GREENSBORO, N.C. — School is back in session. The teachers and students are back in the classrooms, but you won't always find a nurse in the nurses office.

"It's not good for student's health and its also not safe for day to day running of the school," Todd Warren, President of Guilford County Association of Educators, said.

According to the Guilford County Department of Health, nurses are in each school about one day a week. 

Susan Hawks, Lead Health Supervisor, said they'd love to see that change, but it's not easy. She said it's competitive and hard to recruit good nurses.

"There are a lot of opportunities for registered nurses and we are looking for experienced nurses, primarily with pediatric experience," Hawks said.

Most schools in our region meet the national criteria for school nurses which is one nurse for every 750 students.

  • Guilford County currently has 42 nurses for 124 schools.
  • Winston-Salem Forsyth County has 31 nurses and one part-time nurse for 80 schools.
  • Alamance-Burlington has 27 nurses for 38 schools.
  • Randolph County said they are seeing a shortage with only 11 nurses for 31 schools.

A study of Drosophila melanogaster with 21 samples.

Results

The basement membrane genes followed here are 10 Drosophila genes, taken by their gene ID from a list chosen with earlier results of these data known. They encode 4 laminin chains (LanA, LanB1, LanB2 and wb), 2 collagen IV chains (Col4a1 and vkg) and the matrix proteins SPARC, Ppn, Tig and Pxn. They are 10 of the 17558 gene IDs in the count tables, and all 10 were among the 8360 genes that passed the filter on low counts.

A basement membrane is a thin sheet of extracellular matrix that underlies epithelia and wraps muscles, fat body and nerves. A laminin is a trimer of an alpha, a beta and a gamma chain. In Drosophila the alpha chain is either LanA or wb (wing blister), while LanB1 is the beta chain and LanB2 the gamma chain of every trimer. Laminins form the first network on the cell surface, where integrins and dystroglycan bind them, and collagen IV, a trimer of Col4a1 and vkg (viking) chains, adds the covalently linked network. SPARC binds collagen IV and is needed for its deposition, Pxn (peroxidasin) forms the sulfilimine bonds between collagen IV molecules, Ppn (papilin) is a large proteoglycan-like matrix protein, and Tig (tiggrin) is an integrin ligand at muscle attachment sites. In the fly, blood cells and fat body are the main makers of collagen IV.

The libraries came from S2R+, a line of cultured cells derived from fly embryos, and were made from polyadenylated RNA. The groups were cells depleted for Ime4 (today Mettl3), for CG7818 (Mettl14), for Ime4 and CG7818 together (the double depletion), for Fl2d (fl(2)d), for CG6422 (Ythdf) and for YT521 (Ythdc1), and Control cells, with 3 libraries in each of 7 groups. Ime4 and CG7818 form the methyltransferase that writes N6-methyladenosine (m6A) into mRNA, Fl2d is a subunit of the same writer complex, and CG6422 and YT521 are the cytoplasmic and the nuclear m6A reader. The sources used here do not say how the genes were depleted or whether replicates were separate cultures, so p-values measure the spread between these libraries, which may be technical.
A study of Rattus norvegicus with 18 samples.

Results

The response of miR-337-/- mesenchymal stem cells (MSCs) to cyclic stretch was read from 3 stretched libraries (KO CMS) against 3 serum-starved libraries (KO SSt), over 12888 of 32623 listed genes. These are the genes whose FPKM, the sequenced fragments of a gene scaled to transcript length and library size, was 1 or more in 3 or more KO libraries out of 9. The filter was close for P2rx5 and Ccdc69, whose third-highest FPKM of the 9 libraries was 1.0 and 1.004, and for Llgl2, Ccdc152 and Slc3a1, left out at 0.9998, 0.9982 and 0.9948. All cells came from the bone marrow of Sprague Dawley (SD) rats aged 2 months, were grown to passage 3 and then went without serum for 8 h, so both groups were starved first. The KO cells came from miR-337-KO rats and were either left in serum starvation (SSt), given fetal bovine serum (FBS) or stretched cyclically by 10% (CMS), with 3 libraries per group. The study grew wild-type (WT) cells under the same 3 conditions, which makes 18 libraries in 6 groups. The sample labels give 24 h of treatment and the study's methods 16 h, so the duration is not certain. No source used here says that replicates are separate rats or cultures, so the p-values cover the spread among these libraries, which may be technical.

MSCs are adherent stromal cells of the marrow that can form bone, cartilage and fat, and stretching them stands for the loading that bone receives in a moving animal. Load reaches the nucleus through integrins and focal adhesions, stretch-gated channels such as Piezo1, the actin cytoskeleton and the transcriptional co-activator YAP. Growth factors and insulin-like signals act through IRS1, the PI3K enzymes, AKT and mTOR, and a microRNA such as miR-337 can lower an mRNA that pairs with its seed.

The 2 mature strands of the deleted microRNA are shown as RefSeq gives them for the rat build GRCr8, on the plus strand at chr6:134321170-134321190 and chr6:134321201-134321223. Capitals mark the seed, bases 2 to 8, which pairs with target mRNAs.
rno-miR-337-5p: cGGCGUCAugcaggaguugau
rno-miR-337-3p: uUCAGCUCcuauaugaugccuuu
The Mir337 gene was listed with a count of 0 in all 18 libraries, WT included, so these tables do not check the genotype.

So who administers medicine and monitors students with chronic health issues when the nurse is out? Teachers and staff.

Hawks said they thoroughly train all teachers and staff to handle nursing duties. She also said the principals chose the people they want to help and make sure everyone is comfortable with the role they take on.

However, this is something the Guilford County Association of Educators continues to rally against and demand legislators fully fund.

"We're here to do reading, writing and arithmetic and we should leave that to medical professionals," Warren said.

Despite the absence of some nurses, Hawks said schools are trained to take care of all students.

"I can assure parents that our primary goal is to ensure that the safety of the children," Hawks said.